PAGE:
Music therapy is a psychological therapy that allows a person to access a psychotherapeutic intervention without depending on verbal processing. It is therefore helpful to children who are experiencing emotional difficulties or recovering from early trauma or neglect.
Music provides an effective and safe outlet for difficult feelings and a vehicle for self-expression. Because musical interaction has been shown in research studies to parallel aspects of preverbal parent-child interaction, music therapy can offer ways of stimulating aspects of early development, which may have been missed in a child’s life, and can support the building of attachment between child and adoptive parent.
Music therapy may assist with issues of anxiety, emotional and sensory regulation and has an ever-increasing evidence base. Almost anything can happen in a session: while there may be difficult emotions explored there is also the possibility of playfulness, hope and joy. Music, as a medium that reaches every person in both universal and individual ways, offers a means to explore and build confidence, sense of self, identity and meaning.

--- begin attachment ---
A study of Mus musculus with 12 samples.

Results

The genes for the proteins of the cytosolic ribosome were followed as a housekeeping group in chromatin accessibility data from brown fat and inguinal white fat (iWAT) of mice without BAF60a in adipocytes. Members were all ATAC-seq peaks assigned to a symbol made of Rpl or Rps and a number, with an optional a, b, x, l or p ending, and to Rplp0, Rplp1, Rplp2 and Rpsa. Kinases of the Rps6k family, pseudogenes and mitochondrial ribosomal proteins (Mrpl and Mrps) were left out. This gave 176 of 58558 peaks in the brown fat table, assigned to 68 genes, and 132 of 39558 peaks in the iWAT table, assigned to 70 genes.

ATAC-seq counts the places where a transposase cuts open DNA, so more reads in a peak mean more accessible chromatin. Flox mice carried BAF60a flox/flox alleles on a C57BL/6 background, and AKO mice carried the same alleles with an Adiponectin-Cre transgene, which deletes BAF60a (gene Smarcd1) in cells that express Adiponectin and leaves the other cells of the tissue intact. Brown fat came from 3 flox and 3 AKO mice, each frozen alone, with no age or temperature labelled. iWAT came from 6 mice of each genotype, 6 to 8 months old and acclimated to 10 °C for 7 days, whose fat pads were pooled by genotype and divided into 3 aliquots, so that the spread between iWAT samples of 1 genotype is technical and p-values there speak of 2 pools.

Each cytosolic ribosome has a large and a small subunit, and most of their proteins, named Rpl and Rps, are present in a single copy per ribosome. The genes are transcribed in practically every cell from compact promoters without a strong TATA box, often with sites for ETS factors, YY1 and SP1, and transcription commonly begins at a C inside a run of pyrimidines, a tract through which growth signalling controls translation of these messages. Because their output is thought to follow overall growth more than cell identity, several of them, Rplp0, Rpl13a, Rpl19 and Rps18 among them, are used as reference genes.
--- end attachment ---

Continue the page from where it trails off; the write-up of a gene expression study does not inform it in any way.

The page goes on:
Sessions take place at Scottish Adoption and may involve the therapist working individually with the child or with parents or siblings as part of sessions; or group work may be offered to assist building of peer relationships and social skills. The therapist works closely with allocated social workers at Scottish Adoption to offer support that is tailored to the needs of each family and child.
Reasons for referral to music therapy may include:
- High anxiety, difficulties with emotional and physical regulation
- Needing help with social skills/relationships with family or peers
- Poor sense of self/low self esteem
- Low mood/withdrawal
- Needing to process traumatic past events
Referrals to music therapy are managed through the After Adoption Team. To enquire about music therapy, please contact your worker or Julie Connaway, Practice Manager.